Facing market fears starts with admitting they exist
Downturn can provide some opportunities for portfolio adjustments
Sarah CarlsonJune 16th, 2022
Are you fearful of looking at your financial statements this month? You are not alone.
Market pullbacks are never comfortable. We have so much to feel wrong about: crushing inflation, the war in Ukraine, school shootings, and more. Suddenly, your visions of a comfortable financial future may not seem so realistic with your essential living costs rising so much in just the last year alone.
Here are a few things you should consider before you get frozen by your fear.
First, acknowledge that you are uncomfortable. Don’t try to avoid or block those feelings. Instead, recognize the discomfort and realize that when you sit with this feeling, those emotions should pass in a few moments. If those feelings don’t fade, talk to your partner or trusted friend about them.
Talk to your financial adviser as they have information and perspective that you may not. Being sad or uncomfortable will not change anything, but acknowledging that emotion and then coming up with a plan will help you move through it.
Secondly, remember the past. Most likely you have been through other market pullbacks, including the one market dip we had not long ago at the beginning of the pandemic. There was so much uncertainty at the beginning of the pandemic, the market lost about 30%. Then things bounced back once the drama subsided.
Thirdly, assess where you are financially, including your assets, liabilities, and cash flow. Open those statements, look at the information, and perhaps you are due to rebalance your asset allocation. It may be counterintuitive, but market pullbacks actually make some opportunities better, such as Roth conversions and buying into a portfolio using dollar-cost averaging.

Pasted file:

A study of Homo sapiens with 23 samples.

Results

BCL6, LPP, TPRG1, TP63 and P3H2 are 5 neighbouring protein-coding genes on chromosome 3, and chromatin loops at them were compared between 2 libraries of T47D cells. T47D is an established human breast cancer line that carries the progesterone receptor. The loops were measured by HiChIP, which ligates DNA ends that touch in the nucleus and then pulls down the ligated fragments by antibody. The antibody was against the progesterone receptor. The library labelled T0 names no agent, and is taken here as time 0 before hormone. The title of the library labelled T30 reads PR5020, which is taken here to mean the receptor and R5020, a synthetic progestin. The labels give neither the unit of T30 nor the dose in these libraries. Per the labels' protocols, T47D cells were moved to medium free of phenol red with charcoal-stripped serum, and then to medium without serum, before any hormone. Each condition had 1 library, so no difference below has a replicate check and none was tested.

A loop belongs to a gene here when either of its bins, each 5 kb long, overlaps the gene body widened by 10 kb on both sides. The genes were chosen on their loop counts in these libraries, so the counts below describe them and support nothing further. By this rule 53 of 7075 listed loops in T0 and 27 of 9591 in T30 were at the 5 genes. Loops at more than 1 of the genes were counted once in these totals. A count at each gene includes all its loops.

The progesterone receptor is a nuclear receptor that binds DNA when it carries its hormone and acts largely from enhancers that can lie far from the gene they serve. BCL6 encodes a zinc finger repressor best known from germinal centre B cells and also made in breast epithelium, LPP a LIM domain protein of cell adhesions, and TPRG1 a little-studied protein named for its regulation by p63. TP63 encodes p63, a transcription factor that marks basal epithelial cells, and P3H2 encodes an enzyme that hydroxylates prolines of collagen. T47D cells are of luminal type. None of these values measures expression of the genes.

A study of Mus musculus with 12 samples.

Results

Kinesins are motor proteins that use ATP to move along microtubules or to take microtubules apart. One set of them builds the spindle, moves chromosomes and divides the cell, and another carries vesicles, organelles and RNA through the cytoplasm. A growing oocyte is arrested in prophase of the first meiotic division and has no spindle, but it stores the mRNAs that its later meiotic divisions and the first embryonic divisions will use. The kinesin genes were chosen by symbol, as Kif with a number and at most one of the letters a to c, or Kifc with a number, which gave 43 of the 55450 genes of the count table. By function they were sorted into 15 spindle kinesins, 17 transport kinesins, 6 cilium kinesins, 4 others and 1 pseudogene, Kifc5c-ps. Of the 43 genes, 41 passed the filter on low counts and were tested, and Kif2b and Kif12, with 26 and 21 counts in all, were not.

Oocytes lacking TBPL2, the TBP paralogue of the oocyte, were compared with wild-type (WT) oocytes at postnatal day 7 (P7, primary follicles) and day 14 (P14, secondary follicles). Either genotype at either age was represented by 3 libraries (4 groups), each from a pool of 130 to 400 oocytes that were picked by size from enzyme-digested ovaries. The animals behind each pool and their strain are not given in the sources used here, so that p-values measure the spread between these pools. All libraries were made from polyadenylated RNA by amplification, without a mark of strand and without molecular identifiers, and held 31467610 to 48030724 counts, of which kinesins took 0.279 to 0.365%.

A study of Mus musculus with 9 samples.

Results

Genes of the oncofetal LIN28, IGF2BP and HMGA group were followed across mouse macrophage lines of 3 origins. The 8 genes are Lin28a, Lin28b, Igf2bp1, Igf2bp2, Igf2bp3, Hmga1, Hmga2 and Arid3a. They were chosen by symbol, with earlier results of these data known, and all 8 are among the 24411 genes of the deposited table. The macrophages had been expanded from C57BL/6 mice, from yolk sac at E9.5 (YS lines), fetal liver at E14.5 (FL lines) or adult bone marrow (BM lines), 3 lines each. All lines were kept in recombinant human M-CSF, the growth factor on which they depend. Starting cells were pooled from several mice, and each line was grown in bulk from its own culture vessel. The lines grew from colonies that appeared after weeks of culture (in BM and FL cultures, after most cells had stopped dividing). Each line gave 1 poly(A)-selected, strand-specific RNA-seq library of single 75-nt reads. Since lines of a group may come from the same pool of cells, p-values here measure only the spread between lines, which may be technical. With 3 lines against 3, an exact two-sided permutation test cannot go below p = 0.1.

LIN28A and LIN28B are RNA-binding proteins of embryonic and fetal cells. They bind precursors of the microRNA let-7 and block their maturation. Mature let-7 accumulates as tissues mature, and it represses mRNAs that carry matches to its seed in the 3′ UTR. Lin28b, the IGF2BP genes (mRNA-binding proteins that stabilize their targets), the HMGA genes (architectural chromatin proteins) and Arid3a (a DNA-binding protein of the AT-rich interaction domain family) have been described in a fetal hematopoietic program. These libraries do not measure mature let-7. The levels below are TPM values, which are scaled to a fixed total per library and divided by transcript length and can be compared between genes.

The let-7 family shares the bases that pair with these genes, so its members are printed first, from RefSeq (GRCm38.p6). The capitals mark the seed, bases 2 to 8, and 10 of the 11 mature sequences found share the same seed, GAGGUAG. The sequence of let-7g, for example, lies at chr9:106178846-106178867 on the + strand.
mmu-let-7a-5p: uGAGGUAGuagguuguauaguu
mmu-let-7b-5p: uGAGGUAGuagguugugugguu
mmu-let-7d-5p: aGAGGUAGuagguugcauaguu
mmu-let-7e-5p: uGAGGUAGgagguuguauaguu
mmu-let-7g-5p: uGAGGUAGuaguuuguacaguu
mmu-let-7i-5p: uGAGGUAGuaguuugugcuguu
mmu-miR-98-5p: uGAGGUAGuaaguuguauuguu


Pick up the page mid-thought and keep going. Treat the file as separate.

Be aware, though, that rebalancing a portfolio may cause investors to incur tax liabilities and transaction costs and doesn’t assure a profit or protect against a loss.
Traditional IRA account owners have considerations to make before performing a Roth IRA conversion. These primarily include income tax consequences on the converted amount in the year of conversion, withdrawal limitations from a Roth IRA, and income limitations for future contributions to a Roth IRA. In addition, if you are required to take a required minimum distribution in the year you convert, you must do so before converting to a Roth IRA.
Dollar cost averaging involves continuous investment in securities regardless of fluctuation in price levels of such securities. Investors should consider their ability to continue purchasing through fluctuating price levels. Such a plan doesn’t assure a profit and doesn’t protect against loss in declining markets.
Consider adding high-quality stocks that pay a consistent dividend regardless of whether the economy is growing or slowing. Keep in mind, however, dividend payments aren’t guaranteed and may be reduced or eliminated at any time by the issuing company.
Even though cash is losing buying power in this rising-rate environment, your short-term or emergency money is safe and a reasonable option for the short-term conservative portion of your portfolio. Your long-term money is your most opportunistic pool of money as suitable for your unique time horizon and risk tolerance.
Lastly, look to your future. Remember, you will likely live longer than you anticipate, and financial security can make the ride more comfortable. Enjoy your post-pandemic life and connect with loved ones and family. Maybe that involves some travel, but don’t do it at the cost of abandoning your retirement or long-term goals.
The more you acknowledge your whole financial picture, and take the drama out of your plans, the better you will do navigating the markets’ ups and downs without feeling lost. Be mindful of what you control and what you have no control over.
Sarah Carlson is a certified financial planner and the owner and founder of Fulcrum Financial Group LLC, of Spokane. She can be reached at 509.747.2075.